Dates of Project: December 2010 to September 2011
Field of Work: Social network analysis in nursing
Problem Synopsis: In October 2010, RWJF and the Institute of Medicine released the report of the Robert Wood Johnson Foundation Initiative on the Future of Nursing, at the Institute of Medicine.
The report offered eight key recommendations that called for substantive changes in nursing education, clinical practice, nursing workforce development, policy-making, and leadership. A strategic advisory committee was charged with guiding the implementation phase of the initiative. RWJF staff believed that an analysis of the social network connections among advisory committee members and other key stakeholders would provide information valuable to the implementation of the initiative's recommendations.
Synopsis of the Work: Researchers at Sage Colleges conducted interviews of strategic advisory committee members, RWJF staff, and other stakeholders colleges to ascertain stakeholder perceptions as to issues the advisory committee will face, and to identify the social networks for each; they then used special software to analyze these networks.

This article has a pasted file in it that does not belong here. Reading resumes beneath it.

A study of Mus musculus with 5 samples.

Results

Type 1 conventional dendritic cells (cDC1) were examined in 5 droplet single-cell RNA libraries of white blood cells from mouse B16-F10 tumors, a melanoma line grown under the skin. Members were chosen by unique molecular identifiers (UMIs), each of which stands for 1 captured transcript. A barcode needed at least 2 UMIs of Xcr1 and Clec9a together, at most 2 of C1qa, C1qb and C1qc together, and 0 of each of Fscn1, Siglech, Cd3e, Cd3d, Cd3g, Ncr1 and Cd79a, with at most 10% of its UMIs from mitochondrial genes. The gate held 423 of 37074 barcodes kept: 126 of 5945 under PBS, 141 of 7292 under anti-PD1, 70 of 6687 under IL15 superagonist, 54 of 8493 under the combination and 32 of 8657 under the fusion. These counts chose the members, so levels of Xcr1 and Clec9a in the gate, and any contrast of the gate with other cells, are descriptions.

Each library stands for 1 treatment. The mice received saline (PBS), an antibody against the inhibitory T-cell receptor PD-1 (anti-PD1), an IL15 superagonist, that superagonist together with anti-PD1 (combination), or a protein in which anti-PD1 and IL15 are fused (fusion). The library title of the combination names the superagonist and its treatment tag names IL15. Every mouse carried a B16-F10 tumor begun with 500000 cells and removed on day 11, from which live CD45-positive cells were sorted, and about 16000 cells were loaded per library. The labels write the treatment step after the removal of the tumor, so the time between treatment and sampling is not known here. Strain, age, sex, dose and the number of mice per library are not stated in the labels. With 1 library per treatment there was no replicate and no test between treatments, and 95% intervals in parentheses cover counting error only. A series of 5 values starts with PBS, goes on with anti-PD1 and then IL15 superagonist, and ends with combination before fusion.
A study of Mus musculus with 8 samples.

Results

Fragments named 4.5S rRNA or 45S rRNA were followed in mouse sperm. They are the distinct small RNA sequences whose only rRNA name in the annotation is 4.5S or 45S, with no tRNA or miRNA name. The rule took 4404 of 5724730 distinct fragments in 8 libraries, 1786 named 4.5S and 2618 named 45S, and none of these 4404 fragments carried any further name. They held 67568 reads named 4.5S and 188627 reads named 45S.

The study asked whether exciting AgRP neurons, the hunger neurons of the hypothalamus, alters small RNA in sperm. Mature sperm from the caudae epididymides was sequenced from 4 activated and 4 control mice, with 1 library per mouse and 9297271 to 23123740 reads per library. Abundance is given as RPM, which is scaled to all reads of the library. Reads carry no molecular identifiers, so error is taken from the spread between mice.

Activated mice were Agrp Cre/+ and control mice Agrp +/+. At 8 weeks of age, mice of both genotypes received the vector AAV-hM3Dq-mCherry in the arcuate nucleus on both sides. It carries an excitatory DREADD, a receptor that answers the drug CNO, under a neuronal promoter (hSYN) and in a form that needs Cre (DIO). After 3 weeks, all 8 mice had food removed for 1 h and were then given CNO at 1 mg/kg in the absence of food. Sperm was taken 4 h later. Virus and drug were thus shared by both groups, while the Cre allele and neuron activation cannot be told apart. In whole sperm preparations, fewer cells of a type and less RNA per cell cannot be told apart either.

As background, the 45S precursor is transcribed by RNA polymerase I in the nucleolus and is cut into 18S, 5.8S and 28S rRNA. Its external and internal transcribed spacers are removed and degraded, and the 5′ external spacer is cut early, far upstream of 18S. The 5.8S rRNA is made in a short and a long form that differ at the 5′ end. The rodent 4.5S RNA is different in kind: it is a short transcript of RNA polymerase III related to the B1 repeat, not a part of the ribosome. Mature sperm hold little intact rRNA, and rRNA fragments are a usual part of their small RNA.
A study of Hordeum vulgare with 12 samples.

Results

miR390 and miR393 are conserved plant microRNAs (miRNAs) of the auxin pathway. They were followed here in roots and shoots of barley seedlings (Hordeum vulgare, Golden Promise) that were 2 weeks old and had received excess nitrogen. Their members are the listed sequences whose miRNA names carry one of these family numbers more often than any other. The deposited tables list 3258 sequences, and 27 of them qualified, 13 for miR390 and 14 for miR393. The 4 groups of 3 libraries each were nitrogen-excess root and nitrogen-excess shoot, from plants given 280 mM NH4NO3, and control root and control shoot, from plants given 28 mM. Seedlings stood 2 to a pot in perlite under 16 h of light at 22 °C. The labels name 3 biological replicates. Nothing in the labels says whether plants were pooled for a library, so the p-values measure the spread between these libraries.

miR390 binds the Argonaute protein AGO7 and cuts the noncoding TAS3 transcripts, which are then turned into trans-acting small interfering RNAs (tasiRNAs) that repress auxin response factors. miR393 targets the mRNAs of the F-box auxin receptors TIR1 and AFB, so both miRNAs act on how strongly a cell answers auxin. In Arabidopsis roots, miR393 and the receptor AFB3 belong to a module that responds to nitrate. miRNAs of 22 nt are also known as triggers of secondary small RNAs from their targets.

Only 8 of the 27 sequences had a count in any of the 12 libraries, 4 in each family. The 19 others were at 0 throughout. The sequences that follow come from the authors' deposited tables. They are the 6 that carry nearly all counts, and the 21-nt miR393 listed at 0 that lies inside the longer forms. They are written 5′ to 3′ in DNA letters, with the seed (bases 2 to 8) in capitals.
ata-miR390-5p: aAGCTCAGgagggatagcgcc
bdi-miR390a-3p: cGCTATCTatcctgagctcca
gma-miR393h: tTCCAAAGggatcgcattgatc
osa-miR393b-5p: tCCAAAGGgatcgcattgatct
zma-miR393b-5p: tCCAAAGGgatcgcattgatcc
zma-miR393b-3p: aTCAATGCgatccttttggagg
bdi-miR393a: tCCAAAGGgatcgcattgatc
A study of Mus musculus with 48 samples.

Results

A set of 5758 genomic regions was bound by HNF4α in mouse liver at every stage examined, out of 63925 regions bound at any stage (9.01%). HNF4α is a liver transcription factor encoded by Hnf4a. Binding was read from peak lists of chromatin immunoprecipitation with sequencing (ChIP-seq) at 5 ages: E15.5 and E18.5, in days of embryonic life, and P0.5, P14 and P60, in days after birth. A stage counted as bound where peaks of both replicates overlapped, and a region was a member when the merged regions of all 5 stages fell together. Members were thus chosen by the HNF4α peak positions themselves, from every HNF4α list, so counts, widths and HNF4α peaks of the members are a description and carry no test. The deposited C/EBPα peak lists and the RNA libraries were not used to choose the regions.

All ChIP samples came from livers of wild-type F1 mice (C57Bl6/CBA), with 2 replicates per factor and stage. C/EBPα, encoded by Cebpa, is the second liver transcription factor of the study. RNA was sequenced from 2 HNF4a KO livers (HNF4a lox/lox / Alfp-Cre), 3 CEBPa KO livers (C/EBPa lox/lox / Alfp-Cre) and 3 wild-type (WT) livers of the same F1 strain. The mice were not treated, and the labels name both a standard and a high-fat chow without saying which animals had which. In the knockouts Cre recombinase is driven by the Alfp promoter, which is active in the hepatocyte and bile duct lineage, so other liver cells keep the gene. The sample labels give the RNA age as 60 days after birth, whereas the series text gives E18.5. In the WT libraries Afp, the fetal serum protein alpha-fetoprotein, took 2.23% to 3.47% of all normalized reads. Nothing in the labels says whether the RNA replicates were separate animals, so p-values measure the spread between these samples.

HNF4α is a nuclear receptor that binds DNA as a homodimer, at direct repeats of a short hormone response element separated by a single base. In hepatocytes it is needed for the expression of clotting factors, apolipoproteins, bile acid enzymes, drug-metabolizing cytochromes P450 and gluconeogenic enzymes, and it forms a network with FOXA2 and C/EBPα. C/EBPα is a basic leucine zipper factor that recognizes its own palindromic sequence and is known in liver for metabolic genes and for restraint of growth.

Key Findings: Major themes about the issues include:
- A "clear, agreed upon" strategic plan is needed that addresses how the recommendations will be implemented.
- The business case for implementation of some of the recommendations is not being discussed; cost savings must be demonstrated in order for those involved to be willing to work to make such changes.
- Education leaders, especially those representing community colleges, are "critically" needed on the advisory committee.
- Representation from the business community, including Fortune 500 companies, is needed on the advisory committee and the business community must be included in implementation efforts.
- Despite many issues on which physician and nursing organizations can agree, scope of practice is a major roadblock to progress.
Key findings from the analysis of advisory committee members' social networks include:
- Advisory committee members had the most connections with membership and advocacy organizations.
- Members had a broad range of connections with the health care field.
- While the advisory committee members had a fair number of connections with universities and colleges (267 different institutions), almost all were with large public universities or top private institutions, with only four connections to community colleges.
- Less than 5 percent of total network connections were with the business sector.